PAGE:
Here were the circumstances -- and our thinking -- in a case that raised the question of how to protect kids in an era of viral news.
Melodee Hoffner, wife of Minnesota State University, Mankato football coach Todd Hoffner was flanked by her attorney Gerald Maschka as she read a statement saying her husband is innocent of child porn charges filed against him.
The case against Todd Hoffner, the college football coach who is accused of engaging in child pornography, has produced some difficult choices for media organizations in this era of viral news.
The Star Tribune's policy, like that of many organizations, is not to name individuals until they are charged unless there are extenuating circumstances or if it's a high-profile, public case in which the facts are widely known.
Crime suspects sometimes are held for a certain period of time without charges, and the reputation of an innocent person can be irreparably marred if he or she is named but never charged. For that reason, when the Star Tribune faces the question of whether to name a suspect, the decision must be made by a top editor.
Hoffner, the head football coach at Minnesota State University, Mankato, initially was arrested before he was charged, so whether to name him was the first question of the evening. Upon examining the details, we knew that he had been publicly escorted off his practice field.
Given his position, the fact that he had been arrested was public and widely known, so much so that an initial Internet search produced half a dozen news stories, including the details of his arrest. We chose to name him in the first story about his arrest.
A far more difficult decision came when the charging documents were actually released to the public, citing the nature of the videos Hoffner had of his three children dancing naked on his cell phone. Our policy is not to name the victims of alleged sexual abuse or pornography if withholding their names would protect their identity. (Adult victims sometimes request to be named.)
We posted the first story related to the two felony charges against Hoffner on our website without including the fact that the children in the videos on his phone were his own. Then the debate began.
We read the charging documents and the description of the activity depicted in the three videos. The editor in charge of the story argued that the heart of this case would center on the fact that these were family videos, and it would be impossible to cover the case without citing that fact.
"I want to know what the wife has to say," the editor pointed out. Even the condition of Hoffner's release hinged on whether he would have supervised or unsupervised visits with his children. On the other hand, we wondered how the children would fare if this information was made public.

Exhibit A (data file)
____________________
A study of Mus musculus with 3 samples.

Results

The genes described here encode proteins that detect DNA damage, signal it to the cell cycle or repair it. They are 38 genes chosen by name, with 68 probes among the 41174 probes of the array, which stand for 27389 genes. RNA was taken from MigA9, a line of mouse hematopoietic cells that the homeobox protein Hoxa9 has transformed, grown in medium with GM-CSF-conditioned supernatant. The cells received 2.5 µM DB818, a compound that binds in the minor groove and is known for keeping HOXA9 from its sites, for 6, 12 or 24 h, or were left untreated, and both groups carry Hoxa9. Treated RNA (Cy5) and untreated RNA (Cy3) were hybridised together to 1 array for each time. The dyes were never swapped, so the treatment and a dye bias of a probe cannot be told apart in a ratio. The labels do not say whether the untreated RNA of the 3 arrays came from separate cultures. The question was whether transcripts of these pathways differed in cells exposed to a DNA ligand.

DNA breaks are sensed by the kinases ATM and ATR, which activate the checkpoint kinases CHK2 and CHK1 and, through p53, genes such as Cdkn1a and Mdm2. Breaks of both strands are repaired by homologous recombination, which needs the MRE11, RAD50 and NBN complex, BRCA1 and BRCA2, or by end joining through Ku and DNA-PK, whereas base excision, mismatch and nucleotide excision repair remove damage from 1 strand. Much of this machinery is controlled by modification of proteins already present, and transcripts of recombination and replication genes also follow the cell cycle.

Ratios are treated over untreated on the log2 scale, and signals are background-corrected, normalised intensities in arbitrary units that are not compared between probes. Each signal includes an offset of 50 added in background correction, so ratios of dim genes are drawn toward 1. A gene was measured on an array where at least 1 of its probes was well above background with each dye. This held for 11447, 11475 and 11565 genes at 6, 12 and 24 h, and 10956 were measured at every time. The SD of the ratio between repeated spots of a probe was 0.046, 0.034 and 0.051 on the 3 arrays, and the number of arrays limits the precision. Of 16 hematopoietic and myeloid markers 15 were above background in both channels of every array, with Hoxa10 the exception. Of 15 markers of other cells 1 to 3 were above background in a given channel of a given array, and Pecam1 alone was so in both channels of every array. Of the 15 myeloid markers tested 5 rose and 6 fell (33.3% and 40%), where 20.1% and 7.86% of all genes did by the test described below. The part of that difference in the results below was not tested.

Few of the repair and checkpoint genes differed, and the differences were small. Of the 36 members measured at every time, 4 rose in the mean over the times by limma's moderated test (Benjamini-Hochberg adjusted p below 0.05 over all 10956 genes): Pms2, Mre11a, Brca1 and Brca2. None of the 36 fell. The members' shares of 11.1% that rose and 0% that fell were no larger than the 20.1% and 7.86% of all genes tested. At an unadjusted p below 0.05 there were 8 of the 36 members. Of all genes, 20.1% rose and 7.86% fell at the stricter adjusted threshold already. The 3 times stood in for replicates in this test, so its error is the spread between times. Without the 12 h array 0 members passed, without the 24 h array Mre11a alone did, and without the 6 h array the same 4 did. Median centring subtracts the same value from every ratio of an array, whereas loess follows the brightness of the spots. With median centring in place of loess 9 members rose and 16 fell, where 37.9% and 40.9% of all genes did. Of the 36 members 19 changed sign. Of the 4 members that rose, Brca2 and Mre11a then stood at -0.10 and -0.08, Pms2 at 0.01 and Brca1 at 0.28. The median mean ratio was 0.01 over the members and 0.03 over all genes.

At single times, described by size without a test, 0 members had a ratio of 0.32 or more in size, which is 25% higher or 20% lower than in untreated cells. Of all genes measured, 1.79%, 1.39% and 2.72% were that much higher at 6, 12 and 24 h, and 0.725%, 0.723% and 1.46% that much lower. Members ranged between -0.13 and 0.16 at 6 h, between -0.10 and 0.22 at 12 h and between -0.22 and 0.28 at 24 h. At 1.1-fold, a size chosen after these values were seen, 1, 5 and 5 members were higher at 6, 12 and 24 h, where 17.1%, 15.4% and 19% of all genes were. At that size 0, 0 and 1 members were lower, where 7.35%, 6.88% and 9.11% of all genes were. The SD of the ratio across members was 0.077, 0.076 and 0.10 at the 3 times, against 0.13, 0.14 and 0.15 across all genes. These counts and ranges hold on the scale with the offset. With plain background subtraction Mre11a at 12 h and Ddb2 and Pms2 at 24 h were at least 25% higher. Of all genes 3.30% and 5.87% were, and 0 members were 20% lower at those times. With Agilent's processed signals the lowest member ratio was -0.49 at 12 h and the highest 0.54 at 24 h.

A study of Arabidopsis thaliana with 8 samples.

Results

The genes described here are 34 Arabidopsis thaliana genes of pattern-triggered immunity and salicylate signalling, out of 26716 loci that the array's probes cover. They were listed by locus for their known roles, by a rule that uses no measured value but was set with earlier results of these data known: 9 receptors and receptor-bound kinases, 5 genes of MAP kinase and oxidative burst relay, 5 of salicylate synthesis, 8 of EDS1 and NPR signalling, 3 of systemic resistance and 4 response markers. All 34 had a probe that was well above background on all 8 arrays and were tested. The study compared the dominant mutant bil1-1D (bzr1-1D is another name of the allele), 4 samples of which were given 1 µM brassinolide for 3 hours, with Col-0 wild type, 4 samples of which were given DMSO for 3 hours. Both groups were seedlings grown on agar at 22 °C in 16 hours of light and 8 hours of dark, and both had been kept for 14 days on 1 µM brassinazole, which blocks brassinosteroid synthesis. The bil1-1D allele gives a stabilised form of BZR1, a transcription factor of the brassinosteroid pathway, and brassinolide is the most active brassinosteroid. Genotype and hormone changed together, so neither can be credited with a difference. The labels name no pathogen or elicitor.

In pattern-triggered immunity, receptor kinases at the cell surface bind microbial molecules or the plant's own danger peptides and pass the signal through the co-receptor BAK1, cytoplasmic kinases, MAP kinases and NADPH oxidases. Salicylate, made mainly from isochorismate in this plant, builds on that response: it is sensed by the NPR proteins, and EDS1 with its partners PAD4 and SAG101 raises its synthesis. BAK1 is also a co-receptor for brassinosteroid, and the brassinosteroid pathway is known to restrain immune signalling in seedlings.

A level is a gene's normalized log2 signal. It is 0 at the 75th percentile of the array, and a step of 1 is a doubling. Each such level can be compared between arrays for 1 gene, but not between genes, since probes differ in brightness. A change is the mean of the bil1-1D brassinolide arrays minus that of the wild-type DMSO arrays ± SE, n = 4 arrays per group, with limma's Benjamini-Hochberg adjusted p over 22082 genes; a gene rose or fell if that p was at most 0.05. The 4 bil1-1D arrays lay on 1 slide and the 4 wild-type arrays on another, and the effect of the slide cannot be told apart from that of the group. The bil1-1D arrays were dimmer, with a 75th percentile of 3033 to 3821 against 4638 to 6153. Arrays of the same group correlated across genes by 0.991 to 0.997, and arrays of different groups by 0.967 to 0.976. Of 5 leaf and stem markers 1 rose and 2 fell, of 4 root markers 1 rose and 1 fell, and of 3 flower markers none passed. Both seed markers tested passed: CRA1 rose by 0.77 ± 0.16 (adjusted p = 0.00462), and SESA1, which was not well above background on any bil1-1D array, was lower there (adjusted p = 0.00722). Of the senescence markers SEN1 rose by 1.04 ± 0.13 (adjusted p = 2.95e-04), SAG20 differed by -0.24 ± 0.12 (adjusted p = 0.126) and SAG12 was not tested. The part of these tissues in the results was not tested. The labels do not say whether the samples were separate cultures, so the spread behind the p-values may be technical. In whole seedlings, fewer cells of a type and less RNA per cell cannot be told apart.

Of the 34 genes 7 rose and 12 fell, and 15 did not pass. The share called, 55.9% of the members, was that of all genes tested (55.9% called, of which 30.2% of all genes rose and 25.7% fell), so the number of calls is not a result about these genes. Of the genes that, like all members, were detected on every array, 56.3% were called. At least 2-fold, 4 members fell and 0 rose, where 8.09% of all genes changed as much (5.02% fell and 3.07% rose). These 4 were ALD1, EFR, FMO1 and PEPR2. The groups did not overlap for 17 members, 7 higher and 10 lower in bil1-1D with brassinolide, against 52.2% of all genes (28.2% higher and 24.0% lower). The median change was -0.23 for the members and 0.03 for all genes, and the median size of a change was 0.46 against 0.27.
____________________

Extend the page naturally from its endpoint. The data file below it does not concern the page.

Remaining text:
Once again, I did an Internet search to see what details were already public, and received a stark reminder that the viral nature of news in this era often takes these decisions out of our hands. Many news organizations in the Mankato area already had noted that the videos in question were of Hoffner's children, and a person could easily find several Internet links with that information.
We did not think readers could understand this story without knowing that the videos were of Hoffner's children, but most important, we did not believe the Star Tribune could protect Hoffner's children in this instance.
At the same time, we knew readers would be upset if we didn't treat the children with great care. Consequently, we instructed our editors that they could include this information in our story -- but low in the story, not in the headline or lead.
I share this with you because, as we anticipated, a number of readers called and wrote, worried about the impact of these stories on Hoffner's children. I want readers to understand that we share your concerns and do not make these decisions without a great deal of thought and discussion, knowing that not everyone will agree with our call.
In subsequent days, Hoffner's wife has publicly denounced the charges, suggesting that the shots of their children dancing naked were "innocent videos of typical kids being silly." Prosecutors believe they constitute a crime.
As our front-page story on Thursday suggested, the case poses some difficult questions about how to define pornography and has stirred debate among parents. Regardless of the outcome, the case also has posed some lasting questions for us about how to fairly treat suspects and victims in this modern era of instant, viral news and information.
Nancy Barnes is editor of the Star Tribune.
The Opinion section is produced by the Editorial Department to foster discussion about key issues. The Editorial Board represents the institutional voice of the Star Tribune and operates independently of the newsroom.